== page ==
By Jason Rantanen
This post uses data from the Compendium of Federal Circuit Decisions to provide a quick statistical overview of the Federal Circuit’s decisions this year, particularly in appeals arising from the district courts and USPTO.
Decisions by origin
Figure 1 shows the total number of Federal Circuit opinions and Rule 36 summary affirmances by origin. The increase in decisions in appeals from the USPTO (orange) over the past decade is clearly visible, although last year there was a slight decline. Decisions in appeals arising from the USPTO dropped about 17% (254 in 2019 versus 2010 in 2020), while decisions in appeals arising from the district courts increased slightly (182 in 2019 versus 199 in 2020). Overall, the Federal Circuit’s docket is a lot more patent-heavy today than it was in 2010. The court is issuing more decisions as well.
Decline in Rule 36 Summary Affirmances
Figures 2 and 3 show the number of written opinions and Rule 36 summary affirmances in appeals arising from the district courts and USPTO. Both figures show a decrease in the number of Rule 36 summary affirmances and increase in written opinions in 2020. This change is especially dramatic in decisions arising from the USPTO.
In addition, as figures 4 and 5 show, the increase in written opinions has primarily come in the form of more nonprecedential opinions. The number of nonprecedential written opinions in appeals from both the district courts and USPTO have increased while the number of precedential decisions has remained about the same or declined.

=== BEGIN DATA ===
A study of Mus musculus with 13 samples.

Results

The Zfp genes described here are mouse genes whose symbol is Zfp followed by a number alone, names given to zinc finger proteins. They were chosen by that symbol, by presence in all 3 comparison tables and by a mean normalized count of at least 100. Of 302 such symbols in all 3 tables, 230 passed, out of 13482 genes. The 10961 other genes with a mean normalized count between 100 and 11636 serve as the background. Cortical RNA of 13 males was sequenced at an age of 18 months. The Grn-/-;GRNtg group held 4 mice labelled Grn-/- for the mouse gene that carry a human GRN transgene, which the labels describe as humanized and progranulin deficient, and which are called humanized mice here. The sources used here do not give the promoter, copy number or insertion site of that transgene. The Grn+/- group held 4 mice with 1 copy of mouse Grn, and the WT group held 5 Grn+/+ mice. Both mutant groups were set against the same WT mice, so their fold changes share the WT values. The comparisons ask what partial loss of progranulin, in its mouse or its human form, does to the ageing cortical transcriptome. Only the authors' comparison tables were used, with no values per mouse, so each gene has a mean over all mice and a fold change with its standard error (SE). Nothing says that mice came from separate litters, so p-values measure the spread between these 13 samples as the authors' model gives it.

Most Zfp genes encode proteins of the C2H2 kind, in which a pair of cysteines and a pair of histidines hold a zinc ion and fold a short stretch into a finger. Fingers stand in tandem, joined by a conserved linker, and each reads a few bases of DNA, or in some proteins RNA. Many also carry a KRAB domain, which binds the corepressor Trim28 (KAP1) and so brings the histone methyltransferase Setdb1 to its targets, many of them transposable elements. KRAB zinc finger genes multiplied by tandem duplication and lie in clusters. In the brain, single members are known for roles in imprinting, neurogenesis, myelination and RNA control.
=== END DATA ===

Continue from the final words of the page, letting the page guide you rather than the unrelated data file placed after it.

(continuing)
Despite the decrease in Rule 36 summary affirmances, the court’s overall affirmance rate measured by decision (i.: the outcome of a given opinion or Rule 36 affirmance) remained about the same in 2020. As Figure 6 shows, over the last ten years the Federal Circuit fully affirmed about 70% of its decisions arising from the district courts and affirmed at least in part about 80% of the time. Similarly, as Figure 7 shows, the court has full affirmed the USPTO around 80% of the time and affirmed at least in part about 90%. This data is inconsistent with the hypothesis that the Federal Circuit is issuing fewer Rule 36 summary affirmances because it is reversing less often.
My takeaway is that the Federal Circuit judges are writing more nonprecedential opinions instead of issuing Rule 36 summary affirmances. Hopefully this will provide some additional information for parties on the court’s reasoning when it affirms.
As always, the data for this post (and much more data) is available via the Compendium of Federal Circuit Decisions website. In calculating the affirmance rate I did not include decisions coded as “dismissed” or “other.” Thanks to my research assistants for their work coding Federal Circuit decisions, particularly Lindsay Kriz who did the lions share of the coding for 2020 decisions.